As I mentioned here Friday afternoon, earlier that morning I sat down for an hour with Patrick Guerriero, Executive Director of Log Cabin Republicans. Due to the format and space constraints of this blog, I am going to publish the interview over the course of the next few days grouped by the topics we covered.
As many of the GayPatriot blog readers know, I have been a very harsh critic of Patrick and Log Cabin. Primarily for their decisions to run a $1M ad campaign challenging President Bush?s stance on gay marriage and their ?non-endorsement? of him last year. I also have been critical for Log Cabin not taking, in my view, a more public position of opposition to the outing campaign by Michael Rogers. Patrick addressed all three topics in the interview, but I wanted to start the series by first publishing his opening comments to me when we met for the first time.
So, this is Part One ? GayPatriot Meets Patrick Guerriero:
GP: Thanks for sitting down with me, I know it is a little unusual given what I?ve been writing?but I appreciate your time.
PG: I?ve grown up in the heat of politics for the last 15 years so to be honest with you.. when you?ve been on the Ku Klux Klan website, and protested by Fred Phelps and you?ve had articles written by your friends, good and bad about you?.you get a pretty thick skin.
We are dealing with such a serious issue, which is how we can resolve the nation?s anxieties about how to integrate gay and lesbian families into everyday life. In the midst of all of that, the healthy banter that goes on about whether you are making good choices or bad choices seems a little bit?not irrelevant?but you take it less personally quite frankly.
The other piece, too, is maybe its having grown up with, and respecting the role of the media and having been a mayor where you couldn?t walk down one aisle of the grocery store where someone didn?t attack you because there were too many kids in their kids? classroom or you didn?t pick up the snow fast enough?. I learned that the scrutiny, real or exaggerated, keeps people more disciplined and honest. And so, we know as this organization has dramatically grown the past few years in terms of visibility that it comes with a level of scrutiny that is natural.
I?ve sometimes counseled my friends on the Left that it is time we treated our not-for-profit groups that are fighting for fairness, as if they were corporations. People want to invest, they want to see measurable results, or they will go elsewhere.
And I think the difference between Log Cabin and some other groups is that we are proud to say that our goal is to go out of business. We want to not exist. Which is an interesting conservative way to look at it. We want to resolve issues of fairness for gay and lesbian Americans so that we can have the great debates about the War on Terrorism and healthcare and Social Security and those types of things.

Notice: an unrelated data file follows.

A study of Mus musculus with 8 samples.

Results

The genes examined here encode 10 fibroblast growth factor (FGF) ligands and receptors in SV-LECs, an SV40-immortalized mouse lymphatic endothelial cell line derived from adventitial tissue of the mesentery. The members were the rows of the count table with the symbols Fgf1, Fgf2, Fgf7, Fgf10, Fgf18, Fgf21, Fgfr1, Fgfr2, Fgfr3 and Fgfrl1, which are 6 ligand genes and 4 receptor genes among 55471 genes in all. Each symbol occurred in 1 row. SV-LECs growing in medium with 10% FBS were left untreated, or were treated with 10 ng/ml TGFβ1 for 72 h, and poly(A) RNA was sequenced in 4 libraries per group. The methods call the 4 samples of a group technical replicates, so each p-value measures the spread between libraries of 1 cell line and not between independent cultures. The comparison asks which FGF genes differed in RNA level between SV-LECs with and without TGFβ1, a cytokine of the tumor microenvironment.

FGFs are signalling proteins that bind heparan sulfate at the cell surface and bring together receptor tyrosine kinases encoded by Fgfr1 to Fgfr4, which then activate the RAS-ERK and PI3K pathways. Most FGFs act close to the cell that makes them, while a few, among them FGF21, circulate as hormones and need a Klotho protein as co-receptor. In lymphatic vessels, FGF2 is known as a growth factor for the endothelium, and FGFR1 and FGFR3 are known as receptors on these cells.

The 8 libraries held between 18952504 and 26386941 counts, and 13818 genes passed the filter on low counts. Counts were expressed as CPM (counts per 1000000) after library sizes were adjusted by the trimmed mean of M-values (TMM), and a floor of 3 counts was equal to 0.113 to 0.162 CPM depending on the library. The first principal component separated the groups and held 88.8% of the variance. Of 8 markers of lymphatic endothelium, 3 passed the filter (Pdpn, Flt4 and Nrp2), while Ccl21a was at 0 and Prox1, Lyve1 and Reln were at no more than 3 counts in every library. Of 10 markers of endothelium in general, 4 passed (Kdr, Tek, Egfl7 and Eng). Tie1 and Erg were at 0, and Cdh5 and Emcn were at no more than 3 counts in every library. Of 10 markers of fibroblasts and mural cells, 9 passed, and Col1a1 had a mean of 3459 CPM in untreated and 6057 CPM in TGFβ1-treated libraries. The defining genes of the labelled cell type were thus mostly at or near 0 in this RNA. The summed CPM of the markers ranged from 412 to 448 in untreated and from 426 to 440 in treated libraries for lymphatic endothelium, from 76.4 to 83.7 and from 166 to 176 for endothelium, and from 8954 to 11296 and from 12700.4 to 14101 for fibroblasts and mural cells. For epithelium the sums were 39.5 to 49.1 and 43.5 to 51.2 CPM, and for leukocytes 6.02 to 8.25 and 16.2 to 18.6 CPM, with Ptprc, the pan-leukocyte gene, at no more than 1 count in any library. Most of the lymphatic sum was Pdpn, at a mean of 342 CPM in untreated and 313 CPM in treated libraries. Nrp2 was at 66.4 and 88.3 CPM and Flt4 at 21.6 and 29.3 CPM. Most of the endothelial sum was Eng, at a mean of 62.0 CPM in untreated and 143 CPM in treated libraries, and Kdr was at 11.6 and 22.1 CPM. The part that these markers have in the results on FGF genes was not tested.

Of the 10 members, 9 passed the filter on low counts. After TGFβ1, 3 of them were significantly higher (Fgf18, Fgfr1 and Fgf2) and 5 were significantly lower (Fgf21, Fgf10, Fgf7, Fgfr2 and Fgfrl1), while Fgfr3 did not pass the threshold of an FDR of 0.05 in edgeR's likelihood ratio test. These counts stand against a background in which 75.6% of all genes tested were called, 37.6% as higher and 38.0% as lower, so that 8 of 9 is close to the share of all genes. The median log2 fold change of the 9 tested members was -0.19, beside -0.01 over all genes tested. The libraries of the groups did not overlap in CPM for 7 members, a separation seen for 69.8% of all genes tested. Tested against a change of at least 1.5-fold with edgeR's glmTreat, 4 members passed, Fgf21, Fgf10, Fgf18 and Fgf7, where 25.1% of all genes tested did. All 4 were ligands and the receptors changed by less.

Unfortunately for us, and its been aggravating to some of our friends, too often in the last year we?ve had to be in the position of defending the Constitution, defending gay families, having to respond to unfortunate flyers — some of them coming from our own party, unfortunate comments coming from Democrats and Republicans. That has taken us to a place that you and others have critiqued which is focusing on that piece of our mission.
And our mission is dual ? it is to reach a day where every American is treated equally under the law, or at least given the opportunity and responsibility to be treated fairly under the law. And, two ? to make sure our [Republican] Party is on the right side of history. Because too many of our friends who we agree with on so many issues happen today to not be where they ought to be [on gay issues]. Some of them for political reasons, and others because the gay and lesbian community hasn?t done the important work of talking to them. We are good [the gay community] at yelling at people who disagree with us, and we?re good at putting out press releases.
I guess the last piece of that which is something I don?t talk much about?.but the most important work that this office does everyday is not in the stuff you will see or the public will see, it?s the three meetings that no one knows about that occurred yesterday. It?s the conversation that I had last evening with a really, really conservative person who is trying to figure these issues out. There won?t be a press release, there won?t be a video. I respect that conservative enough that I won?t tell anyone about that by name.
If we do our job well, we have [those kinds of conversations] happening in Washington and, because we are a Republican organization we believe in grassroots ? the same exact thing is happening around the country. That?s exciting. And I?m convinced?our mission is that within a decade or so, this issue can move so quickly ? we are almost there today ? with almost 60% supporting civil unions. Then good Republicans can battle it out about Constitutional amendments, and how much money should we invest in the War on Terrorism and what the size of government should be. Which was the focus of my life up until two years ago.